Birth of custom ROM: the Android vs Google story
I have been invited to speak at various occasions at gatherings of telecom professionals and CEOs wanting to tap the future in mobile and telecom to get their strategies right. It was at one of these events that I debated extensively on how the feature phones market will cease to exist and will be replaced by low-cost smartphones. Incidentally, at the same event, I had also put forth a thought that Android will reach a saturation point. And then Google will wage a war to control Android.
Both of these predictions seem to be coming true. Android has reached a saturation point in the smart phone market (just about 85 per cent as reported in the latest IDC report). And India has reached 920 million telecom users with 111 million smart phones sold in 2014. The only way forward is to convert feature phone users into smart phone users with the lure of simplified user experience and low-cost devices. As the number of devices consolidates and ODMs concentrate on creating differentiation on fewer but better models of phones and tablets, there will be a struggle to deviate from the path shown by Google. Today 37 per cent of the Android devices in the world run on custom ROMs. Amazon, Alibaba and now even OnePlus One have custom ROMs to drive their brands and services.
The Android Vs Google story
With custom ROMs gaining strength, Google is realising that it is losing its grip on Android. There is a move to consolidate the user base of vanilla Android under programs like Android One. There is also increased stringency in the brand guidelines and policies to adopt Google services across Android devices. The increased insistence on uniformity across Android devices from Google is against the basic principles of open source technology. Hence Android, an open source technology which is taking its own shape and forms based on user requirement, is competing with its creator Google, that is now attempting at stifle innovation for uniformity. And this has affected business for Android. It has become increasingly difficult for mobile manufacturers to differentiate their devices, to launch their own services and create user stickiness.
The birth of Android distribution and Custom ROM
Android with its adept capability to ‘distribute’ apps and services to its users on their phones came to be seen as a distribution platform. As the Android ecosystem matured, companies like Mobiliya created Aftermarket Android distribution focused at enterprises and consumers by partnering with world leading device manufacturers and brands. These Android distributions like Mobiliya KratOS provide for secure transactions, secure messaging, encryption, manageability and fill those security gaps that a CIO or a government organization is concerned about. There are others like CynogenMod that were created by Android enthusiasts and hackers to answer their needs. These are also sometimes called Custom ROMs as deviates from the stock Android ROM that is provided by Google.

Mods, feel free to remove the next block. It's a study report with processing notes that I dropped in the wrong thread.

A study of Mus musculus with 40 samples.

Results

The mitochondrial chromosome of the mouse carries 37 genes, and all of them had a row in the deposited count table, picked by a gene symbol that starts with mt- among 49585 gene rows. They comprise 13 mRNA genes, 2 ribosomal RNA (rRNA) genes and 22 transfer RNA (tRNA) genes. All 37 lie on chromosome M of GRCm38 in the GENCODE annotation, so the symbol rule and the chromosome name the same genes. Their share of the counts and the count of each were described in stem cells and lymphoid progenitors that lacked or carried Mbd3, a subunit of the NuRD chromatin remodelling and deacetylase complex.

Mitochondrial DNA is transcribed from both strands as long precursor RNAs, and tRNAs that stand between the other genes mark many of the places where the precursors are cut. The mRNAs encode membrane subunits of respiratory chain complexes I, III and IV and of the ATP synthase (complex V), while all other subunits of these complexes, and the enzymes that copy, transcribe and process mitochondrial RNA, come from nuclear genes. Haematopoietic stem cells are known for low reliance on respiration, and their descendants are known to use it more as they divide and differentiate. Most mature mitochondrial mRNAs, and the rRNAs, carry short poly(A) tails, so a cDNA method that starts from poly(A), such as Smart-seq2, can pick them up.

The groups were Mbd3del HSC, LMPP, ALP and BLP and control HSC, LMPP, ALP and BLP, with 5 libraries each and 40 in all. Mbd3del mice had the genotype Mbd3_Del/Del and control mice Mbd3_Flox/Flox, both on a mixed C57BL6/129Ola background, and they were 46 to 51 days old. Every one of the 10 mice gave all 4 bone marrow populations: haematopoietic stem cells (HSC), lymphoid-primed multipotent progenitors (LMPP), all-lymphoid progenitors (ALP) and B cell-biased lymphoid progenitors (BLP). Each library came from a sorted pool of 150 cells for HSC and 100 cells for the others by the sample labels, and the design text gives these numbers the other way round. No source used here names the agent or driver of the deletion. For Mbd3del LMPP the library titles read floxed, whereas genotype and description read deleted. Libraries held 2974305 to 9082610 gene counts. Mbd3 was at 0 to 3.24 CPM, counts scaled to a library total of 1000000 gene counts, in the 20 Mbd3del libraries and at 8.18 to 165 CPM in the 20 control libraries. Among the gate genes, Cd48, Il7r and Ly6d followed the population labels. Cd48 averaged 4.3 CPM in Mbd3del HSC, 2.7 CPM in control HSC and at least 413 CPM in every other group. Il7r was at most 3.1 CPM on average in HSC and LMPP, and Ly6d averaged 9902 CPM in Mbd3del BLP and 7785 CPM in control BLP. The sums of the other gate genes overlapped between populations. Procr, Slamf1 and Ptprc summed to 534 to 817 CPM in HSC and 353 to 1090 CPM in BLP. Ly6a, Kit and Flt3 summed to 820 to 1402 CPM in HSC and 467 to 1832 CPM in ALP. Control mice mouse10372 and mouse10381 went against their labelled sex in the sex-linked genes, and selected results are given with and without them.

Custom ROM gives maximum advantage to the ODM
Device manufacturers need to rise from being device sales companies to a device solution companies. From just being the provider of devices to be able to provide the complete mobile solution for industries like education, enterprise, government including the devices is what will drive the next surge of growth. There is also increased pressure from consumers and prosumers to provide better smart phone devices at lower costs. The ODM will need to control the Android distribution for it to deploy various sets of solutions. This will result in a lot of ODMs adopting custom ROMs to create their own distribution.
It also gives more control on the user experience and the brand across the various devices. Custom ROM have capabilities like theming engine, its own launcher, differentiated apps and services that allow device manufacturers to embed their brands in all of these apps and services.
Securing Custom ROM and Android distribution
More apps and services will give rise to increased financial transaction and personal data on these mobile devices. Even as enterprises adopt custom ROMs they will require security and manageability features. There will be increased demand for securing personal and workspace hardware and software based encryption, secure connection over insecure network and enterprise readiness in the form of integration of VPN, SSO, biometrics and other forms of authentication and control software. Consumers will also be required to protect their data when doing financial transactions or exchanging personal information. Features like women safety, family management and child modes are easily accepted and are becoming a part of daily lives.
Hence it is important that the Custom ROM is secure and security loopholes in Android are plugged in. it is also important to get the right certification readiness with various government bodies so that enterprises and government can adapt to it. It is these areas that Mobiliya KratOS, a secure custom ROM addresses in the market.
Krish is the CEO of Mobiliya and has over 25 years of sales and BD experience. His primary focus is developing and executing AgreeYa Mobility’s embedded and mobility business. Krish has broad experience in building and managing international technology businesses with a special understanding of the IT/telecommunications industry, as well as professional qualifications in finance and accounts.